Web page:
Propane is a clean, environmentally beneficial fuel for homes, businesses and vehicles.
An LPG water heater conserves enough energy and increases energy efficiency sufficiently to reduce a family’s energy cost by approximately $75 to $300 a year compared to the cost of operating an electric water heater. Typical energy savings range from $100 to $170 a year, or $1,100 to $1,870 over the expected 11-year useful life of a water heater.
Propane water heaters offer substantial air-quality benefits by reducing emissions of oxides of nitrogen (NOx), carbon monoxide (CO), sulfur dioxide and carbon dioxide, the main “greenhouse” gas. Compared to a typical electric water heater with a 0.93 energy efficiency factor, a propane water heater with a 0.58 energy efficiency factor reduces NOx emissions by approximately 90 percent, CO emissions by approximately 70 percent, sulfur dioxide by 99 percent and carbon dioxide by approximately 60 percent. These air pollution reduction estimates represent the difference between emissions from power plants utilizing a typical fuel mix and emissions expected from the combustion of propane in a properly adjusted water heater in good condition, as listed in U.S. Environmental Protection Agency publications on air pollution.
Used for space heating and water heating, propane’s total fuel-cycle emissions of urban air pollutants and greenhouse gases are second-lowest after natural gas, according to DeLucchi (1999). Electricity has total fuel-cycle emissions two to four times higher than those for natural gas or LPG, according to this analysis.
Converting small utility engines such as lawnmowers to burn propane instead of gasoline can reduce emissions of ozone precursors by one third and increase fuel economy by 14 percent (Cotton, 1992). According to the U.S. Environmental Protection Agency, a typical four-horsepower gasoline lawnmower engine generates almost six times as much volatile organic compounds (VOCs) per hour of use as a typical car.
LPG forklifts can reduce emissions of indoor and urban air pollutants, especially emissions of particulate matter compared to diesel and carbon monoxide compared to gasoline. “Overall, the urban air-quality benefits of LPG are similar to the benefits of CNG (generally considered the cleanest of the fossil-fuel alternatives.)” (Delucchi, 1999).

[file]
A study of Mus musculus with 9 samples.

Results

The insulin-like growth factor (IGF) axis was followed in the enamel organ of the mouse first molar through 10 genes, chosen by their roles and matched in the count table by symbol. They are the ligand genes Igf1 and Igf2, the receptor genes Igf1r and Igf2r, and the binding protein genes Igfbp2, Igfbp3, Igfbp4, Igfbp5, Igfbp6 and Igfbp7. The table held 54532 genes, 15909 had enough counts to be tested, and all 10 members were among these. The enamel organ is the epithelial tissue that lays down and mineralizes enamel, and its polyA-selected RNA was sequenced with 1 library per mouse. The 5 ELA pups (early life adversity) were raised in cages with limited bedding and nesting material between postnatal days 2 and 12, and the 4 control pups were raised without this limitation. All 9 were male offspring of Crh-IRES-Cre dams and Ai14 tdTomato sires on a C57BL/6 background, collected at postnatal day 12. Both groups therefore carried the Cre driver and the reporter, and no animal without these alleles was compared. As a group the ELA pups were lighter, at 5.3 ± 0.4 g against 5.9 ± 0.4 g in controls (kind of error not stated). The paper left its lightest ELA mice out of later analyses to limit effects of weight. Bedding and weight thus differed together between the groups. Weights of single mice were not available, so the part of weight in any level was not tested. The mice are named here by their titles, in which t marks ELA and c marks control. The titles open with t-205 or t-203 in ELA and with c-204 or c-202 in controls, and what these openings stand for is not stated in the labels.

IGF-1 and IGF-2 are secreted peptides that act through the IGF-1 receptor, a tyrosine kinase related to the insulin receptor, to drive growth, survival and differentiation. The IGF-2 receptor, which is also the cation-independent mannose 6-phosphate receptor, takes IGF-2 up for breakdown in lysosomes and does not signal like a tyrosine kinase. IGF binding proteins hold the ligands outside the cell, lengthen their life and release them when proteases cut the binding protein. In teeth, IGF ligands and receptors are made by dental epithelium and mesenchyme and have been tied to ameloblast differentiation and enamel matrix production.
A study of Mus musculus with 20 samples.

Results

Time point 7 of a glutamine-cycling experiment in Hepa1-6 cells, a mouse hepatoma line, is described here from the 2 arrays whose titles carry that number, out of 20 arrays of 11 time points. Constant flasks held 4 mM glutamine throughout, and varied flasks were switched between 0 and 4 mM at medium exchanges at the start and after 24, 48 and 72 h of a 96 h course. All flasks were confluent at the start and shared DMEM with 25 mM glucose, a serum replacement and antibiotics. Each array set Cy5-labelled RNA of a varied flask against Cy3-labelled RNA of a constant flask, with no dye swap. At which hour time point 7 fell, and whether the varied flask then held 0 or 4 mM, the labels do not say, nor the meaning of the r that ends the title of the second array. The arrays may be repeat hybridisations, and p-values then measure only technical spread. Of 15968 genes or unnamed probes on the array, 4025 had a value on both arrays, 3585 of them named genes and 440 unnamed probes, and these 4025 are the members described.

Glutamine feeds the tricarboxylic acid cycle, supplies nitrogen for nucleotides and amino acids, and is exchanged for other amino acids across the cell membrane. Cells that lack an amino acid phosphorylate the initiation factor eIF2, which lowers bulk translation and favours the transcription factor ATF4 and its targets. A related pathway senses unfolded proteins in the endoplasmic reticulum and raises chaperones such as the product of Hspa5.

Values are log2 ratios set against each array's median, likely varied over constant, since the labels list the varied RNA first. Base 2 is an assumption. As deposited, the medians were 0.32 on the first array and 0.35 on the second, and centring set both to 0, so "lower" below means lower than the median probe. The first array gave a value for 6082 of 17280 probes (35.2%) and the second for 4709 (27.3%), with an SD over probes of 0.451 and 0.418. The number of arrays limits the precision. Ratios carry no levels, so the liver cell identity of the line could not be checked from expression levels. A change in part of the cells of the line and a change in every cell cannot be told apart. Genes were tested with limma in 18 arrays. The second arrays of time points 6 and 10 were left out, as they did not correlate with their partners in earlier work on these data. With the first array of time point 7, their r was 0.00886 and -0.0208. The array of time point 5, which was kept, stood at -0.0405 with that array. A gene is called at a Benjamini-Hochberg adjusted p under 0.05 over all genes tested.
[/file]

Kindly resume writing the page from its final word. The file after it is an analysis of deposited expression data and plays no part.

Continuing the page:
Propane exhaust creates 60-70 percent less smog than the hydrocarbons in gasoline exhaust, according to studies by Southwest Research Institute.
Propane cuts emissions of toxins and carcinogens like benzene and toluene by up to 96 percent, compared to gasoline, according to studies by Southwest Research Institute.
Propane is nontoxic; spills vaporize rather than soaking into soil or water.
Propane has the best greenhouse-gas emissions performance of any fossil transportation fuel when emissions from the complete fuel cycle of production, distribution and combustion are considered. Propane offers substantial greenhouse benefits compared to gasoline in light-duty vehicles and diesel fuel in heavy-duty vehicles.
An analysis by M. A. DeLucchi for Argonne National Laboratory concluded that the LPG fuel cycle produces the least amount of greenhouse gases of all the fossil fuel cycles, including that of diesel fuel. The study concluded that “Liquefied petroleum gas, consisting of 95% propane and 5% butane, offers a 20-25% reduction in emissions of greenhouse gas from LDVs [light-duty vehicles] (compared with gasoline). Moreover, the use of LPG in HDVs [heavy-duty vehicles] would actually decrease greenhouse gas emissions (compared with diesel fuel). The combined HDV-plus-LDV effect of an LPG policy would be a better-than-15% reduction in fuel cycle emissions of greenhouse gases.”